It's that time of year again, time to dust off the crystal ball and prognosticate about what Apple has in store for us at the big January love-in at Moscone. Macworld Expo opens in San Francisco in less than two weeks and predicting Expo announcements has become nothing short of a sport. So before you lay your money down for that shiny new computer, here are Jason the Greek's Vegas odds on Steve Jobs announcements for The Big Dance.
10. Mac OS X 10.5. Leopard will be Apple's sixth major release of Mac OS X. CEO Steve Jobs stated during his WWDC keynote speech on June 6, 2005 that "We intend to release Leopard at the end of 2006 or early 2007." Since it's less than a year after Tiger's release on April 29, 2005 it's not likely we'll see it at Macworld Expo. Look for a Leopard preview at WWDC 2006 sometime in June. Odds: 100-1.
9. Intel PowerBook. The PowerBook everyone is waiting for will be powered by a dual-core Intel "Yonah" processor and will feature a built-in iSight camera. Apple has recruited a bunch of former Sony VAIO engineers for the project and the PowerBook successor is rumored to be 20-25 percent thinner. Hopefully it'll be the PowerBook nano I've been dreaming of. Unfortunately, it's not likely as the pro software (Final Cut, Creative Suite, etc.) isn't universal binary yet. Rosetta emulation isn't fun folks. Odds: 50-1.
8. iWork '06. Apple's productivity suite will get upgrades to Pages and Keynote with the possible addition of a modern Office-killing spreadsheet application (rumored to be called "Numbers" or "Sheets"). If it reads and writes Excel files the Apple spreadsheet will be the final nail is Microsoft Office's coffin. Microsoft will waste no time in announcing the end of support for Office for the Mac if this happens. It would be great if Apple also bundled FileMaker pro or a spinoff application called iBase (like they did with Logic > Garageband and Final Cut > iMovie). Apple should also make Pages into more of a true word processor and move all the DTP features to a separate application called iLayout - just to keep Quark and AdobeMedia on their toes. Bonus points if Apple were to release pro versions of Mail and iCal. Odds: 25-1.
7. iLife '06. iLife '06 will see updates to its core apps (iPhoto, iMovie HD, iDVD, GarageBand and iTunes) and the addition of PhotoBooth and Front Row that will work with all Macs. iBlog could be acquired from Lifli Software and upgraded to publish to all major blog platforms including Blogger, Movable Type and WordPress (in addition to iDisk.) Apple could replace TiVO and your cable company's DVR in one fell swoop with iDVR. Several new applications are being bandied about as potential additions to the suite, including: Animator, Site Builder and Podcaster. Odds: 10-1.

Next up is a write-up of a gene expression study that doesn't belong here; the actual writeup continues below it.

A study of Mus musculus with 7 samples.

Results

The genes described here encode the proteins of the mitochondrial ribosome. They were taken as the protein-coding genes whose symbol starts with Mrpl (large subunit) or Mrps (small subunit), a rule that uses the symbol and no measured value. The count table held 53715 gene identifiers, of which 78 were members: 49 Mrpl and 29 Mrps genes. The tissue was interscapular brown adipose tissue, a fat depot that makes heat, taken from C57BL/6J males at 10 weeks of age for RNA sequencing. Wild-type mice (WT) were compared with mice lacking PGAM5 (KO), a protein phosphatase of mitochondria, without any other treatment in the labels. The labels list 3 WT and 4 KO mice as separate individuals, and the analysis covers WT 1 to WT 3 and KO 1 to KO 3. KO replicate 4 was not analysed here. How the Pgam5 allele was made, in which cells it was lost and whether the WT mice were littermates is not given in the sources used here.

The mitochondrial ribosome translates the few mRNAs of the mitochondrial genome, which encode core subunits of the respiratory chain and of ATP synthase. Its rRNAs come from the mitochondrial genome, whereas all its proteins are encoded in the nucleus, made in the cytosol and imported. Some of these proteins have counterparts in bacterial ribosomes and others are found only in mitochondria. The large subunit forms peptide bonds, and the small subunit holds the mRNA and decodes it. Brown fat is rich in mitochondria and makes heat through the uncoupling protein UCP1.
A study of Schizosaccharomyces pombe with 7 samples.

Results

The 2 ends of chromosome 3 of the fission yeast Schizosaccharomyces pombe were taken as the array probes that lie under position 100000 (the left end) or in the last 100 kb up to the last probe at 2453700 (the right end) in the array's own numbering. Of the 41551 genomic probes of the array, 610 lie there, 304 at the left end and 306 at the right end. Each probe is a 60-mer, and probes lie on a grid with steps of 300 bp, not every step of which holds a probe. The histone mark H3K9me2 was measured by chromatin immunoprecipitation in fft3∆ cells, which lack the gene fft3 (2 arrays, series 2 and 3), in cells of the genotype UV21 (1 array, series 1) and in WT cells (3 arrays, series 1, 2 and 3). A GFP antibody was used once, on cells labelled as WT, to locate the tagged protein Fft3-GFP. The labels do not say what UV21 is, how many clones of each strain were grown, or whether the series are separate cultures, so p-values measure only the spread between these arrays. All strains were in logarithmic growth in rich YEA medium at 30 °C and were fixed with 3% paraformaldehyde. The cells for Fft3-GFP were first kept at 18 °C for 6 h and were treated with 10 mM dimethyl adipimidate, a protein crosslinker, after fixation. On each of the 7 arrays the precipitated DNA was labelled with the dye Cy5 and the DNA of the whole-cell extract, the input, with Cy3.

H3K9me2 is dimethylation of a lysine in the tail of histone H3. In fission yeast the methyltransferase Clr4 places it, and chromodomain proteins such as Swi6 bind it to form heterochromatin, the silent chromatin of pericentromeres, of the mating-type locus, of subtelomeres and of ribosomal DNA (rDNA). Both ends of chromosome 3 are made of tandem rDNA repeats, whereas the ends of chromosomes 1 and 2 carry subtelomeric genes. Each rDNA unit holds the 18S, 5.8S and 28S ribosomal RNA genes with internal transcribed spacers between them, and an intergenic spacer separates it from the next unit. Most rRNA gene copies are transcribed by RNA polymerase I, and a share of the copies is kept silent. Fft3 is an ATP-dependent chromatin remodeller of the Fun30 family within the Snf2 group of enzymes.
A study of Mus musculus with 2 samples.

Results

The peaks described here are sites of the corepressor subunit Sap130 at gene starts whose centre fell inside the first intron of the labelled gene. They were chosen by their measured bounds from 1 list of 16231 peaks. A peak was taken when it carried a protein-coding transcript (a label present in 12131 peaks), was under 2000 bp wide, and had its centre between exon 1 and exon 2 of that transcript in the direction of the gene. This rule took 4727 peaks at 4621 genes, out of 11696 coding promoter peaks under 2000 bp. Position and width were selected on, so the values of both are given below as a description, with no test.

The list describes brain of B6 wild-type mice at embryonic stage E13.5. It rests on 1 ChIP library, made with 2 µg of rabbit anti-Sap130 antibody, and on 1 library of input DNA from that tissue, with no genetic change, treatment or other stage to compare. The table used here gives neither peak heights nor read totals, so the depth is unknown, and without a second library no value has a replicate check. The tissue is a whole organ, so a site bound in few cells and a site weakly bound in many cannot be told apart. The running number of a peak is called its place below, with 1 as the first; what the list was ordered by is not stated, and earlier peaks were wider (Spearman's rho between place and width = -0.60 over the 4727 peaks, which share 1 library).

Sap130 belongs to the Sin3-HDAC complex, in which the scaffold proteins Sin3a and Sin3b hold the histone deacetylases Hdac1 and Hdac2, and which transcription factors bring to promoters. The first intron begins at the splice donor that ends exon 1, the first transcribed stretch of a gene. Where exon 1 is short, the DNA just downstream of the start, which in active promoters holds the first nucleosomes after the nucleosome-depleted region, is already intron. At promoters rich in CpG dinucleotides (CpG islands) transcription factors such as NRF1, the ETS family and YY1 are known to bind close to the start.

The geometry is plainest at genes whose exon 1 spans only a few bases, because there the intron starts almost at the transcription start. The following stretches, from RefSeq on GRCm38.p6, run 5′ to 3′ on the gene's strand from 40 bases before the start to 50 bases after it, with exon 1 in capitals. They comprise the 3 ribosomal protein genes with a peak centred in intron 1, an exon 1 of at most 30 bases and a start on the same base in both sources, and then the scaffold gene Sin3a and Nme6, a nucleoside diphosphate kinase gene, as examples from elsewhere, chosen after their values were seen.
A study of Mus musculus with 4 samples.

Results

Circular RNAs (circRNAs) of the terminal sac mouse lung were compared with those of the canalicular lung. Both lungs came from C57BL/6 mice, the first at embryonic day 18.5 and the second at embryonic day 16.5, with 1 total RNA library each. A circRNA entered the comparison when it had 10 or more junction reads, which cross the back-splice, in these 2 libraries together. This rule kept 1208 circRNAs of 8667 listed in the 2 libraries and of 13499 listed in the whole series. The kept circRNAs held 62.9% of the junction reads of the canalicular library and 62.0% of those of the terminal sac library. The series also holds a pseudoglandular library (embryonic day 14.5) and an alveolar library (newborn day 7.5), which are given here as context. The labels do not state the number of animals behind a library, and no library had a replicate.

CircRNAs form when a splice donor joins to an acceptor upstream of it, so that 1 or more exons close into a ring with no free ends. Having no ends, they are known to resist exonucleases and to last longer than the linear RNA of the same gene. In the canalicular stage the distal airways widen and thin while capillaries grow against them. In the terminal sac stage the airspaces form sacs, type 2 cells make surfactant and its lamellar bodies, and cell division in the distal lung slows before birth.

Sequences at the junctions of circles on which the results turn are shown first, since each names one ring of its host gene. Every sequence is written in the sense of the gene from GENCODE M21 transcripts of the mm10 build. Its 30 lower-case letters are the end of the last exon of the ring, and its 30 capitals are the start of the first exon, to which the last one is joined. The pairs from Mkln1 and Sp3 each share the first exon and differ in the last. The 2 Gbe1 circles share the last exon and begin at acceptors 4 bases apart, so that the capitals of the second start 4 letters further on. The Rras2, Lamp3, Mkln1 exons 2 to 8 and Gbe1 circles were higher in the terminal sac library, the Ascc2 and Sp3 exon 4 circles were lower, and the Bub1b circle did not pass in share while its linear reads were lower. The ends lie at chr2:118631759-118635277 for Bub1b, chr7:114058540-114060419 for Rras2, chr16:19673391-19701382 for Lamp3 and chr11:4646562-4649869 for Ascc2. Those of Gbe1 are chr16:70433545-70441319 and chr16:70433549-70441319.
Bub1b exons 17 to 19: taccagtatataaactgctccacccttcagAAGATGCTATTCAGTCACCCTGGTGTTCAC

6. Bluetooth remote control. The new BT remote will work with Front Row 2.0 on all Macs. A Radio Frequency (RF) remote is also possible, but it will require a USB receiver for the Mac which is a buzz kill. Odds: 5-1 on RF, 3-1 on BT.
5. Price Increases for iTunes. The iTunes Music Store will succumb to pressure from the music labels and the decline in online music sales and move its pricing model to a sliding scale. Less popular songs will start as low as US$0.19 while new releases will jump to US$1.99. A compromise by the labels will leave album prices at US$9.99 with the possible addition of lyrics. Odds: 10-1.
4. AirPort Ultra. This is a new portable AirPort base station with video. Bundled with a new application called AirTV you'll be able to stream video to your TV - in High Definition. It'll be bigger than the Express to accommodate the built-in HDMI connector and will sell for US$199. The upgraded AirTunes 2.0 software will allow you to stream any audio to it (not just iTunes), allow streaming to multiple Ultras at once and simultaneous playthrough on the computer speakers. Bonus: If you have an iSight camera or microphone it doubles as an intercom system. Odds: 10-1
3. 1GB iPod nano. The iPod shuffle has been sold out for weeks and Apple could release a larger 2GB version, but they're more likely to euthanize the shuffle (like they did with the iPod mini) in favor of a 1GB nano. For only US$159 (US$30 more than the 1GB shuffle) you get a color screen and a dock connector. Apple will also add video support to the nano line via a firmware upgrade to boost sales of TV shows and video content. Odds: 3-2.
2. Intel Mac mini. It's no secret that Apple's moving into the living room and the Mac mini is the perfect platform to do it with. Apple could replace TiVO and your cable company's DVR in one fell swoop with Apple-ized DVR software (see iLife '06). Apple will also add a built-in iPod dock, a dual-layer DVD drive and Front Row 2.0 (see iLife 06) to the Intel-based Mac mini, code-named Kaleidoscope. Odds: Even money.
1. Widescreen Intel iBook. The first portable Intel Macs will be iBooks based on Intel's new Yonah chipset featuring a new 65nm process that's 70 percent smaller than the Centrino processor. Dynamic Power Coordination will allow Yonah's two cores to be controlled independently making it sip batteries slowly. The new IBook (capital "I") will feature a dual-core Yonah processor in the 1.5 to 2.0GHz range with a 667MHz front side bus. The new IBooks will ship in a single 13.3-inch widescreen (possibly High-Def) configuration. Don't be surprised if this IBook is the first to ship without a FireWire port.
Chime in with your predictions on Apple's announcements for Macworld Expo 2006 in the TalkBack section below before Steve's keynote address on January 10 - for full bragging rights. I'll be back on January 9 with a series of Macworld-week installments.